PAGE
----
The development cycle at Amazon Web Services is so fast and constant that it’s never really a surprise when the company launches a new product or service.
While many of the updates coming out of the company are relatively small additions, sometimes the cloud business comes out with something new that potentially offers plenty of value to businesses.
This time the company is launching Cloud Directory, a purpose-built service for storing large amounts of strongly typed hierarchical data. In a hierarchical database model the organisation of the data is in a tree-like structure.
AWS calls this a “building block” that is already being used to power some of its other services such as Amazon Cognito AWS Organisations. Jeff Barr, chief evangelist for AWS, said: Because it plays such a crucial role within AWS, it was designed with scalability, high availability, and security in mind (data is encrypted at rest and while in transit).”
The managed service will only require users to define the schemas, create a directory, and then populate the directory by making calls to the Cloud directory API, which is said to be designed for speed and scale, with batch-based read and write functions.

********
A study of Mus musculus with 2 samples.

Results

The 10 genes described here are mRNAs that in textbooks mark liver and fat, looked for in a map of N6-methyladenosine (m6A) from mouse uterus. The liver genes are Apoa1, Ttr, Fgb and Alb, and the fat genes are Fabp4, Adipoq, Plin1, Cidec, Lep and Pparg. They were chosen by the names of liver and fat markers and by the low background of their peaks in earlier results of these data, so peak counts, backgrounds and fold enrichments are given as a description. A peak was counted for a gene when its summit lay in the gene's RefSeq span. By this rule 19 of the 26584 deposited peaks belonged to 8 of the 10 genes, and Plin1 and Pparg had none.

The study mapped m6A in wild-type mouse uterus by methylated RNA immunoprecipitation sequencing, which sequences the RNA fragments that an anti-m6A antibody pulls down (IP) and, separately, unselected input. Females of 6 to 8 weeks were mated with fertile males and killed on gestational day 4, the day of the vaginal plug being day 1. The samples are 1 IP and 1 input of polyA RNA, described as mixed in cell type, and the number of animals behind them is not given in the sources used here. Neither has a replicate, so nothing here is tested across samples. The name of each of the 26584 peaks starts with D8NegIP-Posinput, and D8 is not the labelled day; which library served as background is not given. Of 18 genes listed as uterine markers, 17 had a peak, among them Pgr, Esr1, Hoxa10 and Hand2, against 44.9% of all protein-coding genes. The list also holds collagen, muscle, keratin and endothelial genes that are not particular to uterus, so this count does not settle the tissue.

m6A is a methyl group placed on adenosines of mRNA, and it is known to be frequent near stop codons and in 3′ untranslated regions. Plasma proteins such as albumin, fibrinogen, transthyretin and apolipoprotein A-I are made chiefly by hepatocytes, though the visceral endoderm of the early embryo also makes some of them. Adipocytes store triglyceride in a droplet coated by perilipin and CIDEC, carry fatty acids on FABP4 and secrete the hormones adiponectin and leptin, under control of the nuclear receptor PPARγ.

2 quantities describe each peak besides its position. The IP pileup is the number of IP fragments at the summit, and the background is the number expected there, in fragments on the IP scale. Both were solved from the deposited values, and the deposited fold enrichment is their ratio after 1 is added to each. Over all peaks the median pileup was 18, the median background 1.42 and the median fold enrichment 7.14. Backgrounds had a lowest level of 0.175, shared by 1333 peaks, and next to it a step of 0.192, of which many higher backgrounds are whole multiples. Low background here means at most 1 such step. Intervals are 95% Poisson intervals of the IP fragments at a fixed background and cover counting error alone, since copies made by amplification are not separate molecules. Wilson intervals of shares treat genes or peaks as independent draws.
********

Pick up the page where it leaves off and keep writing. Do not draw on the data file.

Given the lengthy lifespan expected of a directory, AWS has future proofed it by building it around a model that makes room for change.
Barr said: “You simply extend your existing schemas by adding new facets. This is a safe operation that leaves existing data intact so that existing applications will continue to work as expected. Combining schemas and facets allows you to represent multiple hierarchies within the same directory.
“For example, your first hierarchy could mirror your org chart. Later, you could add an additional facet to track some additional properties for each employee, perhaps a second phone number or a social network handle. After that, you can could create a geographically oriented hierarchy within the same data: Countries, states, buildings, floors, offices, and employees.”
You can find details about creating a Cloud Directory here.